They are incidents involving harassment, bullying, physical injury, or property damage where the offender is motivated by discrimination against the victim based on his/her race, ethnicity, religion, national origin, sexual orientation, gender, and/or disability.
In situations where physical injury or property damage are involved, hate crimes law may apply to the crime. Lawmakers pass hate crime laws to punish offenders. District attorneys prosecute those who violate the law. The police enforce the law.
But the work of the lawmakers, district attorneys, and police address only part of the solution. Community members complete the solution when they:
• Provide support to the victims;
• Serve as a liaison between the victims and community and law enforcement, prosecutors, and service agencies;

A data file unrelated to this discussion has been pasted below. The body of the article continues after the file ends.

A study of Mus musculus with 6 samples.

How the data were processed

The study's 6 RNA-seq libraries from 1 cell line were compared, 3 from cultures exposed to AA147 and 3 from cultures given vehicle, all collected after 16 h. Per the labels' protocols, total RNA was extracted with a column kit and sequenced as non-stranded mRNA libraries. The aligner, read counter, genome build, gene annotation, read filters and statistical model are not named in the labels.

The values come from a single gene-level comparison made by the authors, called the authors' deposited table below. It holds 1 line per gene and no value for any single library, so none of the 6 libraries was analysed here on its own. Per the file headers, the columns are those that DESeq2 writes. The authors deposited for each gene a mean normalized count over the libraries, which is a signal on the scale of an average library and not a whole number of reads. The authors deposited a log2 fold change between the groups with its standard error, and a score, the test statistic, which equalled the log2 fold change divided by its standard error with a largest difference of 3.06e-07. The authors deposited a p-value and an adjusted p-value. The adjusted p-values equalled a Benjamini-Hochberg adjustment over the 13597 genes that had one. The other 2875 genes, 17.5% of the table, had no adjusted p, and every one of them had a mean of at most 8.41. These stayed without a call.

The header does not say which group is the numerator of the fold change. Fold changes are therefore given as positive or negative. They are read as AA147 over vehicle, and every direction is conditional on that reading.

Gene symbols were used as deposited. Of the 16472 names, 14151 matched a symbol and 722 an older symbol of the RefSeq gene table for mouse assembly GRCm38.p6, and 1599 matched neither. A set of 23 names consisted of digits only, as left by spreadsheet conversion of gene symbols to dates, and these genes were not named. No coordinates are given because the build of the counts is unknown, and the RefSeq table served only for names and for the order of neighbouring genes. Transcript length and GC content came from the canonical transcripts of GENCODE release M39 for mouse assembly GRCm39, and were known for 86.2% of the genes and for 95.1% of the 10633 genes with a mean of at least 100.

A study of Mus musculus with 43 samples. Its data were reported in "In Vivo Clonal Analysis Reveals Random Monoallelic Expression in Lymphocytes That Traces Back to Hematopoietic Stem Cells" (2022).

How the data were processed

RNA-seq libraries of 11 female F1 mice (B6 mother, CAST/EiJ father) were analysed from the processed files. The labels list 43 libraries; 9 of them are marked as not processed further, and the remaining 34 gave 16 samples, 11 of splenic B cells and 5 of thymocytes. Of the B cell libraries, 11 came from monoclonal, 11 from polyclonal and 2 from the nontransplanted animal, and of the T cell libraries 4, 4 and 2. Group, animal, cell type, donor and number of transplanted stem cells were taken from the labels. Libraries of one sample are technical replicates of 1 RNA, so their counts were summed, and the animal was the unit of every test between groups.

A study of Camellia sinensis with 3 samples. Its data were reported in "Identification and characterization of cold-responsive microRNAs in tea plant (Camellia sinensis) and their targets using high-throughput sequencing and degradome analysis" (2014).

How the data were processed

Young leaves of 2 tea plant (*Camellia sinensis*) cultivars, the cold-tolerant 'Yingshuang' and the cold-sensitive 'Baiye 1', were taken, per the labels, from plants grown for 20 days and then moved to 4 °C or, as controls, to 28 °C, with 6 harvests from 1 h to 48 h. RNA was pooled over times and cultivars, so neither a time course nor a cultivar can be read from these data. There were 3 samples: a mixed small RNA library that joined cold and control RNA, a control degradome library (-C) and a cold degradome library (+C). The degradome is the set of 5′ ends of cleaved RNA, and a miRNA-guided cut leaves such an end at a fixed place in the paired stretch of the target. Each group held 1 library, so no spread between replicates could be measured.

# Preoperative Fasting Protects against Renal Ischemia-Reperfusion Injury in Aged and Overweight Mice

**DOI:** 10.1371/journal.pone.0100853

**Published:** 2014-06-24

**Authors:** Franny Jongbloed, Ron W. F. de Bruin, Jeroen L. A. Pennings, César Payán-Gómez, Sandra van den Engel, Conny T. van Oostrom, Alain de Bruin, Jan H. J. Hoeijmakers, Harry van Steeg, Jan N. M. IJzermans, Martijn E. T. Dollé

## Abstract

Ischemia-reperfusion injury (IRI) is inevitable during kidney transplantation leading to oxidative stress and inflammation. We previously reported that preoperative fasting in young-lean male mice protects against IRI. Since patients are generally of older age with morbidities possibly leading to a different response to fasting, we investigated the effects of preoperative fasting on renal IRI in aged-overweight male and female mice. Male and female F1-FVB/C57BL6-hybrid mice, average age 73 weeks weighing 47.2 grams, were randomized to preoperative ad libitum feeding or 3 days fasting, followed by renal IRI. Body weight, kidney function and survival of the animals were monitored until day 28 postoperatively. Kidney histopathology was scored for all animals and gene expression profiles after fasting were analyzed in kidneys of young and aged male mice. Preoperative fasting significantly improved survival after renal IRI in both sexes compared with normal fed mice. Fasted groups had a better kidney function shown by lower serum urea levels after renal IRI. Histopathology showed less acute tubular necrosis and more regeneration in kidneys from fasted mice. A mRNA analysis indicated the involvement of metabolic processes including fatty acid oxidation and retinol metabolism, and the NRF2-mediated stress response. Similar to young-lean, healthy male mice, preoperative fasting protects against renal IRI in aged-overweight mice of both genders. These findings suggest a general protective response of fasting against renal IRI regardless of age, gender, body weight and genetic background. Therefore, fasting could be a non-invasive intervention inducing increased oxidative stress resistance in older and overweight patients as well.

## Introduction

• Express the community’s reaction to the occurrence of a hate crime;
• Promote tolerance and diversity, thereby healing the wounds or negating the hate;
• Offer education to community members on hate crimes and ways to combat them;
• Organize preventive measures and programs;
• Lobby for stronger federal and state hate crime laws; and
• Build bridges with people from different backgrounds.
In some communities a community-based organization exists that can assume the lead role. But in many cases, the appropriate organization may be too far away or lack sufficient resources to do all of the work. Which begs the question,“Who will step up?” The answer is “you.” You don’t need to have any experience with community organizing. You simply need to care, and find other allies who similarly care. Together, a small number of active individuals can stimulate an entire community to respond.